Bug on waterSurface tension, which governs the dynamics at the boundary between water and air, is what allows some bugs to walk on water. The mechanisms driven by surface tension involve trigonometry, differential geometry, and differential equations, and are being investigated in order to design more efficient structures, such as hulls with reduced drag. The research is being done by biologists, physicists, mathematicians, and engineers, who form a dynamic human interface that is attempting to understand and harness an important interface in the natural world.

Surface tension also plays a significant role in the transmission of disease. Recent experiments conducted by mathematicians using high-speed video show that droplets emitted by sneezing or coughing are carried in a gas-liquid cloud. The smaller droplets, which may penetrate respiratory tracts more easily, travel 5-200 times farther in the cloud than they would on their own and can reach ventilation ducts meters away. The experiments have guided the development of a class of mathematical models of these clouds based on multiphase flow dynamics incorporating the momentum, buoyancy, and turbulence involved. Results from the experiments should suggest improvements in the designs of classrooms, airplanes, and hospital rooms that would reduce the risk of the transmission of disease-carrying particles.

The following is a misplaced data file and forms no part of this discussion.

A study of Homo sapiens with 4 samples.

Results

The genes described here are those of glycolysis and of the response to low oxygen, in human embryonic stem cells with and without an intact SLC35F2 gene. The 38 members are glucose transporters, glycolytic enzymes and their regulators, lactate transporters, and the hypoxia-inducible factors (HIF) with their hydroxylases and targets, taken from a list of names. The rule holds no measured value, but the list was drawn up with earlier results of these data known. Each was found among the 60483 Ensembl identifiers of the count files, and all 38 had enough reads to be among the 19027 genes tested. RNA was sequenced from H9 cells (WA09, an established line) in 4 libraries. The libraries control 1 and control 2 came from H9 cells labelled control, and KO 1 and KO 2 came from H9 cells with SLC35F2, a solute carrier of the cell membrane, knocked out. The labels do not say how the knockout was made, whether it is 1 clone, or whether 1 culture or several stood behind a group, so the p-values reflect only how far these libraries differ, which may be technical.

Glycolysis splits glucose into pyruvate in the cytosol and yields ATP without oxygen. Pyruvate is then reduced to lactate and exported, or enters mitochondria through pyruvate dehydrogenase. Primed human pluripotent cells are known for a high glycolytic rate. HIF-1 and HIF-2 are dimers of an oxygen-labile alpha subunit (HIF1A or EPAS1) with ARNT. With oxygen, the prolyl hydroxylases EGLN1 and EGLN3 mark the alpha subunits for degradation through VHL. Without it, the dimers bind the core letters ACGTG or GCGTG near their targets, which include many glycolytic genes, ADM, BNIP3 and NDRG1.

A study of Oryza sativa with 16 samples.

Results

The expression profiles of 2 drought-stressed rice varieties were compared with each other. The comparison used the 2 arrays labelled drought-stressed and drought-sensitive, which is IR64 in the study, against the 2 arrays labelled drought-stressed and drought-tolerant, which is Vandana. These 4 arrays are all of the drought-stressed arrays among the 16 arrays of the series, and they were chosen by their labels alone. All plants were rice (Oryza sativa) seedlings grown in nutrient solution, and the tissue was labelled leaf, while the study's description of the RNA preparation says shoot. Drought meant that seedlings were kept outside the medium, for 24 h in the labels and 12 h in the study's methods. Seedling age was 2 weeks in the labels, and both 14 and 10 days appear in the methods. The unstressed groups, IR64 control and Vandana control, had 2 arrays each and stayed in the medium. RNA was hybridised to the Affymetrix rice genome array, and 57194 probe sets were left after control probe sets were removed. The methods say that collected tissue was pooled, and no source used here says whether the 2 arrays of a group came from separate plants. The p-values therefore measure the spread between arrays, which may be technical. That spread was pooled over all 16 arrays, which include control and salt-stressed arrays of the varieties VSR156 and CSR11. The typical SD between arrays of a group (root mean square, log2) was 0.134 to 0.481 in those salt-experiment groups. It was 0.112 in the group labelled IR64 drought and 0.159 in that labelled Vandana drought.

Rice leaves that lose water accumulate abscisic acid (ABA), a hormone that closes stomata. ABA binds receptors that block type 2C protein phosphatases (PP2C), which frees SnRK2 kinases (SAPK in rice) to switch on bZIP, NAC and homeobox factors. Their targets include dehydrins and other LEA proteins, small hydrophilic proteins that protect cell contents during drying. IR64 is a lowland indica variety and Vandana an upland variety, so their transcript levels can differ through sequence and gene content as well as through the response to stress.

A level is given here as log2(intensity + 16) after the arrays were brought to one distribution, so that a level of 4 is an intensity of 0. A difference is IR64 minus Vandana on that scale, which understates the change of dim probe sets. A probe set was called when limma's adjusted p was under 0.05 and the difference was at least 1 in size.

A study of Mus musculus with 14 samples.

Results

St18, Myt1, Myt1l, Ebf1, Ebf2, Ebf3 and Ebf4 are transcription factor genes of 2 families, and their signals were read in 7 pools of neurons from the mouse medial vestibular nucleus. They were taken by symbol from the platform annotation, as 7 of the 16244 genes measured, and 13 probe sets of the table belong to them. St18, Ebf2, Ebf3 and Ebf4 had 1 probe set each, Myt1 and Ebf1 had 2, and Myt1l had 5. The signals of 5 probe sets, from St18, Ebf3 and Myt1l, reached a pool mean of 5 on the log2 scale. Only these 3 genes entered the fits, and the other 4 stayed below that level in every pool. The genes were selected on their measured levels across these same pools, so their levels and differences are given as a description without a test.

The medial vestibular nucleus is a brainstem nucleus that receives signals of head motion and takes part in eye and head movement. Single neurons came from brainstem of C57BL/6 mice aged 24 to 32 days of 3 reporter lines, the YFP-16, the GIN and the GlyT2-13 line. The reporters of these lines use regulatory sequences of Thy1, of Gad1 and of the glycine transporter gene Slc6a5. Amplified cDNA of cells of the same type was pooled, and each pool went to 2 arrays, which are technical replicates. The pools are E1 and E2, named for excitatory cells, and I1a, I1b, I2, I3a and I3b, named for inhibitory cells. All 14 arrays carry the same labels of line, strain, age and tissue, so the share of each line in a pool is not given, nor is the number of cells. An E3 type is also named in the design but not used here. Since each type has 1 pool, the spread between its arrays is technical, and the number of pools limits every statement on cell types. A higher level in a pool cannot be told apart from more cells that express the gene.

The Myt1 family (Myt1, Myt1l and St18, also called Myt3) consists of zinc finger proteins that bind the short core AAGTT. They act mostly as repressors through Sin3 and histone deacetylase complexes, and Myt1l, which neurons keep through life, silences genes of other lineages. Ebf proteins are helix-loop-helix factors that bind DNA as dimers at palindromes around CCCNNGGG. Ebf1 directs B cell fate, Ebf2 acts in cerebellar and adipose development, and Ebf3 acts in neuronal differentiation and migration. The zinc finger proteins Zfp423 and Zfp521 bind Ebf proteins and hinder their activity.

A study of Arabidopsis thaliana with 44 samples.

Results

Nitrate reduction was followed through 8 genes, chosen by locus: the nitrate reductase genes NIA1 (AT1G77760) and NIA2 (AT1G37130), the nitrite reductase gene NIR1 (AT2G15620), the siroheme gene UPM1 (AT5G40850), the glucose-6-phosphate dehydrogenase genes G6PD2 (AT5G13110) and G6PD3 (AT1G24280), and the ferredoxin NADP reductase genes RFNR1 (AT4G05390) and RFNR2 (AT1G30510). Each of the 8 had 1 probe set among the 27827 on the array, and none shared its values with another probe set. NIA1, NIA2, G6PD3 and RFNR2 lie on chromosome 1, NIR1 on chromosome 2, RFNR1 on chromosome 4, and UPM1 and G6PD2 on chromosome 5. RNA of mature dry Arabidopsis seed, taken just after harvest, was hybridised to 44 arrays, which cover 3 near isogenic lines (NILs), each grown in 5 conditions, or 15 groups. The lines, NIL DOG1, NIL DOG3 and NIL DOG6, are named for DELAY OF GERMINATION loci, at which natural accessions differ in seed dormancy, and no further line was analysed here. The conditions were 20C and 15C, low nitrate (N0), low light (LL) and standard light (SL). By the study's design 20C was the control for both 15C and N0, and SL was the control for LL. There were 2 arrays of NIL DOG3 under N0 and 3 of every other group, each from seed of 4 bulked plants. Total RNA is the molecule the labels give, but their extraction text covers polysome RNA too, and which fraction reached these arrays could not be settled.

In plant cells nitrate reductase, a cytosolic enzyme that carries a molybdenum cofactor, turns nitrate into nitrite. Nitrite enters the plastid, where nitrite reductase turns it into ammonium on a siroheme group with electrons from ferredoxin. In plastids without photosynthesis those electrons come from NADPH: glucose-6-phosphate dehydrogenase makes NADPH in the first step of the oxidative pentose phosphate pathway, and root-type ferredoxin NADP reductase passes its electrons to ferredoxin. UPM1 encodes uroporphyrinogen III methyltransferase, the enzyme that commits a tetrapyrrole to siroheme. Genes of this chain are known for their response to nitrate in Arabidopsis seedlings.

Lydia Bourouiba
Lydia Bourouiba
Top image by Christine Walsh

Lydia Bourouiba talks about surface tension and the transmission of disease: "I really think that the language of mathematics in general is something that is continuously growing in terms of impacting the biological and health fields and I am hoping that the next generations will contribute even more in understanding the very, very complex biological systems that are out there with the methods of physical mathematics and mathematical modeling."

Part 1
Part 2

For More Information: "Water’s Tough Skin," Elizabeth Pennisi, Science, March 14, 2014.

The Mathematical Moments program promotes appreciation and understanding of the role mathematics plays in science, nature, technology, and human culture.